How Do You Know If You Can Afford A Retirement Home?
April 8, 2018
It’s a question I hear all the time from Tea & Toast clients:
Can I afford to move into a retirement home?
When senior citizens in Ottawa are considering moving into a new home, they have several options available to them.
Of course, affordability plays a factor in their decision—as do a few other variables.
Here are four things I often tell seniors and their family members:
It is possible to find a 250-square-foot studio apartment/room (with a bathroom and closet) that includes all meals and housekeeping within an assisted living facility in the city, for approximately $1,850 per month.
If you are relatively independent and have very few health care needs (outside of general care like meal preparation, housekeeping etc.), you have several senior apartments to choose from across Ottawa, across a wide range of prices.
For independent living seniors with a lower budget, shared suites can be another option. This requires sharing a room within a retirement home, which can be less expensive.
If you have a minimal budget and extensive health care needs, there are a few lesser-priced homes in Ottawa; however, that number of senior apartments are limited.
In other words: as long as your monthly budget is at least $1,850, you’ll be able to afford a room in a retirement community in Ottawa.
“What if I can’t afford a retirement home?”
It’s heartbreaking when I meet a senior who is unable to afford to move to a retirement home—especially when they have needs that would be best looked after in that type of care environment.
When someone has extensive health care needs, I often recommend these three things:
Getting on the list for as much home care as possible through the Champlain Local Health Integration Network (LHIN). The LHIN, which is still sometimes referred to as Community Care Access Centre (CCAC), provides a wide range of home and community health care services and resources. It’s important to get on that list as soon as you qualify because that waiting list can be quite long.
If they are stuck in the hospital without a budget, they may be able to take up an open bed at a nursing home. Or, if it’s an emergency situation requiring a bed and urgent care, AND they are in the community, they can ask the LHIN to be put on a “crisis placement list.”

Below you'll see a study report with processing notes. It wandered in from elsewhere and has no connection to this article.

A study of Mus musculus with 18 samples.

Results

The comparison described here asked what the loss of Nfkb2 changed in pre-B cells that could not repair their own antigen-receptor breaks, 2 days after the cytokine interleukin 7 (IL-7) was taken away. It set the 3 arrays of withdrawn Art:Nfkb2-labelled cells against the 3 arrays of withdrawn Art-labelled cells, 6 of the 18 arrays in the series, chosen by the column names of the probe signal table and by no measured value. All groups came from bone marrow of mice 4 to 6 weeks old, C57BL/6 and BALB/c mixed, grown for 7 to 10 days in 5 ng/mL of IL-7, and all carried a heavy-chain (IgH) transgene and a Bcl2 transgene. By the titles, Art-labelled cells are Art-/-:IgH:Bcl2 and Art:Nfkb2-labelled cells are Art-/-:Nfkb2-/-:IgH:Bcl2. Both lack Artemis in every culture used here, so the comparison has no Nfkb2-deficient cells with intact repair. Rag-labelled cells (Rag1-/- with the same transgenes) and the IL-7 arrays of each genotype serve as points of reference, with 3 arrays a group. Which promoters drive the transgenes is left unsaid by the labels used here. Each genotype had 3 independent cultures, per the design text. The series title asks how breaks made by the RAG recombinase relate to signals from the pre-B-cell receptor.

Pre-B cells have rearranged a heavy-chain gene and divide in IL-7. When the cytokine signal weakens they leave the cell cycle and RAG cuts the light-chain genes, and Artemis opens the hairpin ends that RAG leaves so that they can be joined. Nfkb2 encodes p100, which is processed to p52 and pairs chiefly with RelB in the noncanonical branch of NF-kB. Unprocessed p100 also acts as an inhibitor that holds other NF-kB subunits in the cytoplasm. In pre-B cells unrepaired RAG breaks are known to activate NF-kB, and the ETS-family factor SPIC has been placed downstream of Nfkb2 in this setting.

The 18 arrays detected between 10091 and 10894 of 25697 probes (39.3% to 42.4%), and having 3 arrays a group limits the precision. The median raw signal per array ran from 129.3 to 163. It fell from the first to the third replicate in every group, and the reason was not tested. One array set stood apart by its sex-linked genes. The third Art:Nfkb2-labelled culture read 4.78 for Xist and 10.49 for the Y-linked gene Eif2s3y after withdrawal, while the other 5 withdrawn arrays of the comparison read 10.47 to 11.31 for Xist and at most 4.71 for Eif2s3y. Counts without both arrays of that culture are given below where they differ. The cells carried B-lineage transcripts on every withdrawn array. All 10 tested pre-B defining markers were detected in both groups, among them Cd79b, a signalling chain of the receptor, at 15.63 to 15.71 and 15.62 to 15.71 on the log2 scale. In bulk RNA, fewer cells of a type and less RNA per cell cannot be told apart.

Other options for independent living
Many seniors are unable to afford to live in a retirement village, but they are relatively independent.
In other words, these people need very little, if any, services to support their well-being.
We may suggest the following alternatives to these people:
Downsizing to an apartment/condo; or
Staying within their current housing situation and applying for home care through the LHIN, or paying for home care through a private service.
Or, if they don’t need actual care but want to decrease feelings of isolation, we may set them up with community resource programs or other social activities offered through retirement homes.
Sometimes, we also suggest they move in with or move closer to family (like into a “granny flat” or “coach home”)—so there is someone nearby in the case of an emergency.
Still not sure of your options?
Tea & Toast is a service designed to give you industry knowledge without having to become an expert yourself.
Our kind and caring senior living advisors are happy to answer your questions about affordability—and point you in the right direction if retirement housing is not an option for you.
Working with you, we can remove a bit of the overwhelm, stress, tension and confusion that so many senior citizens and their family members feel when they start considering moving to retirement living.